And it works pretty well. In January 2021, Supertone revealed its Singing Voice Synthesis technology.
The big party trick was to present Kim Kwang-seok, a Korean folk superstar who sold millions of records at home, singing a new brand new song. Pretty cool, considering that he died in 1996.
Using artificial intelligence, Supertone’s SVS tech “learned” about 100 songs by 20 different singers in order to develop a style. Then it learned 10 songs by Kim. Putting everything together, the AI was able to create something that was more than a reasonable facsimile.
Why would HYBE in interested in such technology? Because it’s the company behind some major K-pop acts, including BTS. This past year, the boy band shocked their global fanbase by announcing that they were going to take a break from music. Fair enough, given the insane ride they’ve been on for the last number of years.
This, however, created some serious problems. First, under South Korean law, every member of BTS is now required to complete compulsory military service (they had been exempt under exceptions given to artists and athletes).
This will take BTS out of the spotlight for at least 18 months. And since the seven members are of different ages, the times when they are supposed to start their time in the army will be staggered. BTS could be MIA for years. Not good for an enterprise that has revenues of US$3.6 billion a year.
Might HYBE use Supertone to create new BTS material while the boys are in the army? It appears possible.
From a sheer capitalistic point of view, this seems brilliant. No more temperamental musicians who get drunk, high, and end up doing stupid #MeToo things with fans. New music can be summoned on cue so no more waiting for inspiration to strike. Talk about music that’s cheap to produce, too. No salaries, royalties, per diems, or any of those other expenses eaten up by real human beings.
This begs the question: If the fake is indistinguishable from the real, will fans fall for it? Maybe.
Music synthesis by machine has been a dream of scientists for decades. In 1961, Max Matthews, a programmer at IBM, was playing around with a 7905 mainframe and managed to get it to sing. No computer had ever done this before.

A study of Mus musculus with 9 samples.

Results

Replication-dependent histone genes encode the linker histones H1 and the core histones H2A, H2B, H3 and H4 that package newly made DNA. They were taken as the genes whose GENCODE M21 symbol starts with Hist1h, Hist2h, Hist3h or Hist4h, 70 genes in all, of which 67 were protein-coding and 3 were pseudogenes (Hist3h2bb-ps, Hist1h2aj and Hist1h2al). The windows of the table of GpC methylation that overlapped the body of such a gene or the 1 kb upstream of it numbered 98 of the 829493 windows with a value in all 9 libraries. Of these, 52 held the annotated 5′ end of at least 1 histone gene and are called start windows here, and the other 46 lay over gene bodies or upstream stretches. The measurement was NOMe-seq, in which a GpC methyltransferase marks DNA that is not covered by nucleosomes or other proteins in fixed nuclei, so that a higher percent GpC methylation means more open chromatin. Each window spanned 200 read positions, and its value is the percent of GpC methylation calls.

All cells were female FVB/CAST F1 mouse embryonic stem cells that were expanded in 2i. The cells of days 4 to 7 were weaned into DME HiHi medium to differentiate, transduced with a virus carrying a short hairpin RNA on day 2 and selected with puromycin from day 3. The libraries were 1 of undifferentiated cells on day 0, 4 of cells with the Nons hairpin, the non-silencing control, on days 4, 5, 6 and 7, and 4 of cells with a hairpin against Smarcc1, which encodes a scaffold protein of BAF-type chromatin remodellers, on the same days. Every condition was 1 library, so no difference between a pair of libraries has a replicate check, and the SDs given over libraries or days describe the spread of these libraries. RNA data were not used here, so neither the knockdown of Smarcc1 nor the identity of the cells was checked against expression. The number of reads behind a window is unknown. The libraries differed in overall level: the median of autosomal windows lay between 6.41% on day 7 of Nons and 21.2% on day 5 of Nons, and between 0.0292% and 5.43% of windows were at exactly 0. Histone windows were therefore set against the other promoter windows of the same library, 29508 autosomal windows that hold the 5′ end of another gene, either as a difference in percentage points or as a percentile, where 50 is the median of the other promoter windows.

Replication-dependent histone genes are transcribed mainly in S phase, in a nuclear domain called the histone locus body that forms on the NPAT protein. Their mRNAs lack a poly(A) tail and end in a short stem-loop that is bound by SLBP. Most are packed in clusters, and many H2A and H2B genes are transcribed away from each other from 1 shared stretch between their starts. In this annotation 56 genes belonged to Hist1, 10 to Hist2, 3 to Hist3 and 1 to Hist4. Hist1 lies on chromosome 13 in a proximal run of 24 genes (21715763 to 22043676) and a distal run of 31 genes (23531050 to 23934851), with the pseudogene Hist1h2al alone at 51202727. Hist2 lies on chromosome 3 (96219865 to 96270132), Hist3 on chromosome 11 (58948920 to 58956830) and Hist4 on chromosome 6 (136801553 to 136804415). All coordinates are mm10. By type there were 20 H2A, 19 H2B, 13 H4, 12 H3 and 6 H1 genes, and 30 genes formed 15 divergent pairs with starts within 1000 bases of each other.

Stanley Kubrick would later use this as the basis for a pivotal scene 2001: A Space Odyssey in 1968.
What were cutting-edge research and science fiction are now very, very real. And while machines aren’t totally autonomous composers and performers yet, we’re headed in that direction. Right now, though, the focus is on AI-powered music creation software as a tool. Call it software-assisted composing.
In 2020, Grimes (the Canadian singer who is Elon Musk’s ex) worked with a startup called Endel to create a new piece of music she called an “AI lullaby.” She created “stems” (short distinct clips) of both music and vocals and then let the software do the rest. Endel has also been used to create music that helps people sleep and driving music to keep Mercedes-Benz drivers focused on the road.
Google is working on a system called AudioLM which can both create natural-sounding speech/singing and create music. All it needs is a few seconds of original audio and it’ll take it from there. Its piano pieces are smooth, fluid, and reasonably nuanced. No piano is necessary, either.
Then there’s Amazon, which is working on software that can mimic the voices of dead people. Has Grandma passed on? Give Alexa a few seconds of her voice and your device will be able to speak to you like Grandma for as long as you can stand it. I’m sure getting Grandma to sing your favourite Rage Against the Machine song is just a few lines of code away.
Another area that sees potential is the industry that composes incidental music for film, TV, and commercials. This arena needs thousands and thousands of new, short pieces of music every day, a need that’s currently filled by human musicians. AI-generated production music will be cheaper, faster, and royalty-free.
In December 2015, a British company called Jukedeck started offering users the ability to create five songs a month for free and then US$7 for every track thereafter. It was followed by Amper Music, an American company, in 2017 and Amadeus Code in 2019.
There’s also Germany’s Loudly (royalty-free production tracks), AVIA (“the artificial intelligence composing emotional soundtrack music”), Infinite Album (AI-generated music for video games), and DAACI (“composes, arranges, orchestrates, and produces” original music.) And if you’re a podcaster in need of theme music, you might want to check out India’s Beatoven. There are dozens more startups that are making real progress, including AI Music!, which is now the property of Apple.
Speaking of royalties, there’s an interesting debate going on. If a machine creates a new piece of intellectual property like music, who owns the copyright on that work? The machine? The programmer? The maker of the hardware/software? That still needs to be worked out in some territories.
There are those who believe that machines will never be able to equal the emotion imparted to music. In order to really get across the trauma of a D-I-V-O-R-C-E, you have to go through one. Then again, maybe all that’s needed is a few extra lines of code.
Alan Cross is a broadcaster with Q107 and 102.1 the Edge and a commentator for Global News.